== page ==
Surrounded by North Myrtle Beach, Atlantic Beach has a rich and complex history.

Created by black business owners in the 1930s, the community became a welcoming enclave for people who weren’t allowed on other local beaches in the era of Jim Crow and segregation.

Nicknamed “The Black Pearl,” the community even predates North Myrtle Beach, having incorporated in 1966 before the other small North Strand communities like Windy Hill, Cherry Grove, Crescent Beach and Ocean Drive Beach joined together in 1968.

Although Atlantic Beach enjoyed economic vitality in its early years, the integration of other beaches saw the community gradually lose black tourists to surrounding areas. Its oceanfront remains undeveloped. 

“I’ve lived here 10 years and I was told about the history of this beach through my grandfather who had a house here for 30 years before he passed away,” said Christopher Drumgoole, who recently ran for mayor as a write-in candidate. “My mom, for years before she passed away, they told me about the history of this beach, how it came about, how this was the only place for blacks during segregation to come and feel safe, and have a place to relax, oceanside. I see that and I look around here today, and it’s far from the 1950s.”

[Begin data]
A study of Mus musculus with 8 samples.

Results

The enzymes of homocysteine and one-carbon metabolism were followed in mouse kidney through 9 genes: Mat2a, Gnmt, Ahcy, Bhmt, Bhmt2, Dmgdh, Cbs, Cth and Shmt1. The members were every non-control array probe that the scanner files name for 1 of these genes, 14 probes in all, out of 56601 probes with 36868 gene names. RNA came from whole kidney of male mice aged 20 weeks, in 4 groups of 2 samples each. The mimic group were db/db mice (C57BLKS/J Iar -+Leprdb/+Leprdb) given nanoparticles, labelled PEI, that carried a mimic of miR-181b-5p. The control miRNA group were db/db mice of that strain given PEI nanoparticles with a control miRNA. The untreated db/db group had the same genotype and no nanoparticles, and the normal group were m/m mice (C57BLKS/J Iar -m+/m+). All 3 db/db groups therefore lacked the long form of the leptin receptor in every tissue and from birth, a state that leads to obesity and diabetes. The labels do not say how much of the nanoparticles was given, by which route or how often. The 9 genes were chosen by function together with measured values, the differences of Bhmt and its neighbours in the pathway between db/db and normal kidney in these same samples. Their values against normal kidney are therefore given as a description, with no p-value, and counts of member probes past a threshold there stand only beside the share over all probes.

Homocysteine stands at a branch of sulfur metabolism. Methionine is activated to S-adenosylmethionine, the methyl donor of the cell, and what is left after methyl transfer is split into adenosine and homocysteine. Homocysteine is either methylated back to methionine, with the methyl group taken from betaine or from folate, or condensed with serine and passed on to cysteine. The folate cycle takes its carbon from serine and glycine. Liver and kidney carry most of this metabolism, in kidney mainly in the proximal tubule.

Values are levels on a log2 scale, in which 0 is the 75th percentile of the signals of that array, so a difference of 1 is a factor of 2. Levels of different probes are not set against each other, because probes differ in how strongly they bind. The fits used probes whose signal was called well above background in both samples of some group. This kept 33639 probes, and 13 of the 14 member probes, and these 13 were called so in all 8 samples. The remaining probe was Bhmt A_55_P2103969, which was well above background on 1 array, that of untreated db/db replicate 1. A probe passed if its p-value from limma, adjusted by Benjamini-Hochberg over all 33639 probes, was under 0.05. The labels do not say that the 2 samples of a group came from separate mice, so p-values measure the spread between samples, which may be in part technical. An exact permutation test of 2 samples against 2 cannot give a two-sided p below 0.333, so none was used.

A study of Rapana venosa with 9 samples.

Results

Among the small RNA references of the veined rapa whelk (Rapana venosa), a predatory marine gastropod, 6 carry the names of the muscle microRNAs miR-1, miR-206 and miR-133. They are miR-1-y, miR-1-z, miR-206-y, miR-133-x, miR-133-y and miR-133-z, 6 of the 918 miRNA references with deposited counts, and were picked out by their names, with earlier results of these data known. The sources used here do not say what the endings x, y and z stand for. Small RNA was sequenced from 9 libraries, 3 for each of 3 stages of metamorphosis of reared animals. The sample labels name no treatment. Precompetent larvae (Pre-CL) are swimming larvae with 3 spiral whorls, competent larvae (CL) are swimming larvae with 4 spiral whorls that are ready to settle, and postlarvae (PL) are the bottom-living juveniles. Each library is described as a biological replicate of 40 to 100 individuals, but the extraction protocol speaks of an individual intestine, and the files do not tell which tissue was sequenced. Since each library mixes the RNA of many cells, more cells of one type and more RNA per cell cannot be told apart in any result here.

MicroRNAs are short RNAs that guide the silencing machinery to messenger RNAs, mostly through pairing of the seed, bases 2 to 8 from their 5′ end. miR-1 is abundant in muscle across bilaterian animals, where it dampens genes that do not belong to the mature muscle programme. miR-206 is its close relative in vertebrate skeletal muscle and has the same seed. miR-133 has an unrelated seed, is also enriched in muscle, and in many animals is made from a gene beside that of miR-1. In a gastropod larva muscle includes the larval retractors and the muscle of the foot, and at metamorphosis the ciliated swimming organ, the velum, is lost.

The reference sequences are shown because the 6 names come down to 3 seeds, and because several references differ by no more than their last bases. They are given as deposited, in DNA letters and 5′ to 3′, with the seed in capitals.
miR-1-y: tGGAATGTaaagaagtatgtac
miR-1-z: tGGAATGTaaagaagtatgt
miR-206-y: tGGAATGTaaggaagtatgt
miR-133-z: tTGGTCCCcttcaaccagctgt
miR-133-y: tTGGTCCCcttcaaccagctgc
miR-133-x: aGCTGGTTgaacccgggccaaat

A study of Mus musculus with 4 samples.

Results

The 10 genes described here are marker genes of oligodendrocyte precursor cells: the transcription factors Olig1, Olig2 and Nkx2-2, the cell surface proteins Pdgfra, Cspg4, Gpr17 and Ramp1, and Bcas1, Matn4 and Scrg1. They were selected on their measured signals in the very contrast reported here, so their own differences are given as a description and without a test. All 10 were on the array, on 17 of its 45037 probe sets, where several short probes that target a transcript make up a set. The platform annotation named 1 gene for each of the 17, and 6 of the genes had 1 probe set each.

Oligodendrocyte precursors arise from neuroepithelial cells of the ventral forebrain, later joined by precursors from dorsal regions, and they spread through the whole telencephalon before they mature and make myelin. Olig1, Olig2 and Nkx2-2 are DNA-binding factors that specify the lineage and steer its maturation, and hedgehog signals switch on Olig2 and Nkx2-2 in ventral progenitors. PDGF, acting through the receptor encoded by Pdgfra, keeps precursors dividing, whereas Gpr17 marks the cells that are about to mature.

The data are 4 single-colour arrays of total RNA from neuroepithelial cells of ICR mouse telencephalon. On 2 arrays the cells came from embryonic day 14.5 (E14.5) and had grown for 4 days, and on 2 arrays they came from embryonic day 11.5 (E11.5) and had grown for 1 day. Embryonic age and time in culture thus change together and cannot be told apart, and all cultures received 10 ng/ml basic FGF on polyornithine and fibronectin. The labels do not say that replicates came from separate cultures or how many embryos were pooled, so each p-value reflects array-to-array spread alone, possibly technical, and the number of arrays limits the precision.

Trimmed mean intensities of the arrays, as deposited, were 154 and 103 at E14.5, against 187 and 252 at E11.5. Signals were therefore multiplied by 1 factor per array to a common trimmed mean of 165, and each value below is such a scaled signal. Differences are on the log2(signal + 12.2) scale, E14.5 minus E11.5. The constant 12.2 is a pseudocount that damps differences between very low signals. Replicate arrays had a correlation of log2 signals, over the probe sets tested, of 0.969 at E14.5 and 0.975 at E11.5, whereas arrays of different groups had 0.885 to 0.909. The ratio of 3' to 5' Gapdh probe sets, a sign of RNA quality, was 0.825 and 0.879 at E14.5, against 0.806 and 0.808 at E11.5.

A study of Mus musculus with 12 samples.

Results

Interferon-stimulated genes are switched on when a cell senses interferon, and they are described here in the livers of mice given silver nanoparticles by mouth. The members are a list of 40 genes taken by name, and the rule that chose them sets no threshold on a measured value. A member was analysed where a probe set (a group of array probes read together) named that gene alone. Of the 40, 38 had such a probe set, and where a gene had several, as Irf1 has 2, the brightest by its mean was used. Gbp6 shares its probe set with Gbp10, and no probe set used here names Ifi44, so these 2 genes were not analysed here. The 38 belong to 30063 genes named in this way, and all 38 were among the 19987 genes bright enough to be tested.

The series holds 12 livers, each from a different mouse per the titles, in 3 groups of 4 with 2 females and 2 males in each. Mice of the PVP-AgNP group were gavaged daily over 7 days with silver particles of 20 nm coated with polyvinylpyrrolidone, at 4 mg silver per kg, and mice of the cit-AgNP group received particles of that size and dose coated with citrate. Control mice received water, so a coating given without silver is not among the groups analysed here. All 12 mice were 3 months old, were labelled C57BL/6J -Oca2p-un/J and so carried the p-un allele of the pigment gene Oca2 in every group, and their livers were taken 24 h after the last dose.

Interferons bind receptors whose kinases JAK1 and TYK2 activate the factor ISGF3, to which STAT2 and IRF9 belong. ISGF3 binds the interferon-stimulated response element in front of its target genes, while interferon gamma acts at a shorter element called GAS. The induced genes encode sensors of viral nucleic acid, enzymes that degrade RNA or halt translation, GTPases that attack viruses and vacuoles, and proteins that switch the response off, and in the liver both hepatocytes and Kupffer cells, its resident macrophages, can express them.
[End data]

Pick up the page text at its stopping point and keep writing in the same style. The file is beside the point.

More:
Drumgoole doesn’t like what the town has become. The streets have little traffic compared to the bustling roads in North Myrtle Beach. Buildings sit vacant. Other plots of land, which could be developed as revenue-generating businesses, are completely empty, an odd sight for a beach town in one of the fastest-growing areas in the country.

Politically, Atlantic Beach is no stranger to controversy. In years past, the town has been plagued with election scandals, accusations of bribery, ethics complaints and charges of misconduct in office. Accusations still fly around today as townspeople and lawyers whisper about corruption.

“I can only blame leadership,” Drumgoole said. “The blocks don’t do it by themselves, it’s the people that’s running the blocks that turn it into whatever. Either they neglect it or they purposely turned it into whatever it’s become. And what it’s become is a place with a bad reputation. That has to change.”

This story is part of a MyHorryNews.com investigation into the Atlantic Beach Police Department. Read more about the department by clicking here.